In an unlikely turn of events, the #MeToo movement in China is now moving to blockchain technology. The movement, that is encouraging women to speak up against their sexual harassment and which has seen wide ranging support from women around the world, has reached China. However, censorship by the Chinese authorities are ring a death bell for it. Therefore, in an unprecedented move of dissent, it is now moving to distributed ledgers to give voice to females who have been harassed at school, home and workplaces.
In an open letter written on Monday, student of the Peking University Yue Xin accused that the officials of the prestigious university tried to silence her revelations about sexual harassment on campus. She wanted to publicly air a sexual harassment episode that happened on the campus more than two decades ago. In her letter, she also stated that college officials tried to muzzle and intimidate her as well. The school also forced her to delete information about the case. The undergraduate student was also reported to her parents who were ordered to confine her at home.
Women like Yue and their open confessions about sexual harassment is getting on the nerves of a country that likes to keep their news secret and where censorship is state sponsored. In this era of strict censorship, gender discrimination is not just commonplace, but also rooted in the social fabric. The country also doesn’t like the public spotlight given to such issues, because of which movements like #MeToo have been suppressed.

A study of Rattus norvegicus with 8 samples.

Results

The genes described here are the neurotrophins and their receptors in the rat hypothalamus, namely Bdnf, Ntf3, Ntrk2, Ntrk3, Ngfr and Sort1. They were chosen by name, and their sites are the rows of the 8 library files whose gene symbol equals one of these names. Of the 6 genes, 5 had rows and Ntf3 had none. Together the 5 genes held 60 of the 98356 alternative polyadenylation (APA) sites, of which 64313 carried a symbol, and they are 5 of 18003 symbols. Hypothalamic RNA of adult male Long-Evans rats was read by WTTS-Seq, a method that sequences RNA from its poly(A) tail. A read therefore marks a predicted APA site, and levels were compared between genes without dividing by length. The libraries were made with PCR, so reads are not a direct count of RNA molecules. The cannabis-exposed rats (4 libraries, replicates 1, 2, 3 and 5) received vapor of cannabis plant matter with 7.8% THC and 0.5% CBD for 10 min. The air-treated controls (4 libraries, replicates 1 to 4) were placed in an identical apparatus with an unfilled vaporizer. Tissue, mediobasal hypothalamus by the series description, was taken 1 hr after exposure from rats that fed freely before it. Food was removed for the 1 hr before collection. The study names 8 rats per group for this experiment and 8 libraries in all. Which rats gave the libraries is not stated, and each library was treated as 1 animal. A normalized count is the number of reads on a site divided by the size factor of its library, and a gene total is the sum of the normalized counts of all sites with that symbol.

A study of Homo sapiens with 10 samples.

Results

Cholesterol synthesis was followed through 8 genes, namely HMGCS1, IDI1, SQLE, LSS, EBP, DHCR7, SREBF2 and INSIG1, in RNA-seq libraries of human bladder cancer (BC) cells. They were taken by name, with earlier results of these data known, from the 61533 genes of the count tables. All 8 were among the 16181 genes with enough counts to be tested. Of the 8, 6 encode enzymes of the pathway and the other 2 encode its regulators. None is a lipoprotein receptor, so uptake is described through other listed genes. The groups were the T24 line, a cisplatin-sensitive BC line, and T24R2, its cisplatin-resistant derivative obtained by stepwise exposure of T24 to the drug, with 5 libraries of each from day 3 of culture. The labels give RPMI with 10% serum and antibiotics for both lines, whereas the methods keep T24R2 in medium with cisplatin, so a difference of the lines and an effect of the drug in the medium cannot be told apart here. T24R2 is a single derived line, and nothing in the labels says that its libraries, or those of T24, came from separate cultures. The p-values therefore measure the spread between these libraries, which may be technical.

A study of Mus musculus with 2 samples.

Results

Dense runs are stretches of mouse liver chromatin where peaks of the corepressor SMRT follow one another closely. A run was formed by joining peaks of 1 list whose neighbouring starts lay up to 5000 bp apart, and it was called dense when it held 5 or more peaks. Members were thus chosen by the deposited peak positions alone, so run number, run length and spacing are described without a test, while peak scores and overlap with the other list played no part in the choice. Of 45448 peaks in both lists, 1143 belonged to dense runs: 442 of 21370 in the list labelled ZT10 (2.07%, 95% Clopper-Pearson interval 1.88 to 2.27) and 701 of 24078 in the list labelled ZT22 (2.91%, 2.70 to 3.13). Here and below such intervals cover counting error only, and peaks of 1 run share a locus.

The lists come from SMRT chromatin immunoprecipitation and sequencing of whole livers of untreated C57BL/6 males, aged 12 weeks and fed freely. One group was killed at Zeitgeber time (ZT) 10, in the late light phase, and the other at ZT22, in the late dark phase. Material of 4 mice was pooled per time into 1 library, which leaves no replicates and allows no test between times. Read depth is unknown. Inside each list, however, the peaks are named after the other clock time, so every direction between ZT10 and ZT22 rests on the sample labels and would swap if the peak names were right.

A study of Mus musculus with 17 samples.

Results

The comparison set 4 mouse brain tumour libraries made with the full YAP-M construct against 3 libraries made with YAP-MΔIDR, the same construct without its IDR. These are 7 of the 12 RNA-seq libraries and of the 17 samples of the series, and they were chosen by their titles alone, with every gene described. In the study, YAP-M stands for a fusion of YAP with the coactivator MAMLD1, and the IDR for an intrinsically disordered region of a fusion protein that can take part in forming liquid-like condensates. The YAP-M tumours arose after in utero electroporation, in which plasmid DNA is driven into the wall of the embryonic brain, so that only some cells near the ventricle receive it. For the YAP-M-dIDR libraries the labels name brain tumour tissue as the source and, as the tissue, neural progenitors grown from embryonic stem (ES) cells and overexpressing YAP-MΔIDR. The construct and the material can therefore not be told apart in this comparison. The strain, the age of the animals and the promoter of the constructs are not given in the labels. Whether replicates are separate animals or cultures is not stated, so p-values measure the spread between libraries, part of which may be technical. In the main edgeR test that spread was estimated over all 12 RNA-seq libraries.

It is important to note that the protest is against Peking University, one of the most prestigious in the country and also the alma mater of the top officials of the community party, including Premier Li Keqiang. The letter went viral on several of the social platforms include Sina Corp’s Weibo and Tencent Holding’s WeChat. However, as the post started gaining momentum, it was quickly deleted from everywhere.
It was after this that her memo was stamped into the Ethereum blockchain by supporters on Monday. As DLT creates immutable public ledgers, the letter will now never be deleted or tampered with, no matter how much the authorities hate it. It is still unclear who exactly did this, but the entry was made yesterday. Making this transaction costed the poster only 52 cents.
However, as the memo has become cemented in the blockchain, it won’t still be available for the public user. Anybody who has access to an Ethereum node will be able to see this message. These people will then have to copy the message and post it online. However, the authorities could block the site and it will have to be reposted again.
Issac Mao, entrepreneur from San Francisco building a media platform using blockchain against censorship said, “It’s symbolic but won’t be easily adopted by the public masses. Decentralized media still has miles to go. But it gives people new hope.”
Users are now using blockchain, distorted letters in the images etc. to bypass the tracking software. Meanwhile, this could be the biggest act of protest by students in China and it is likely that such incidents could increase.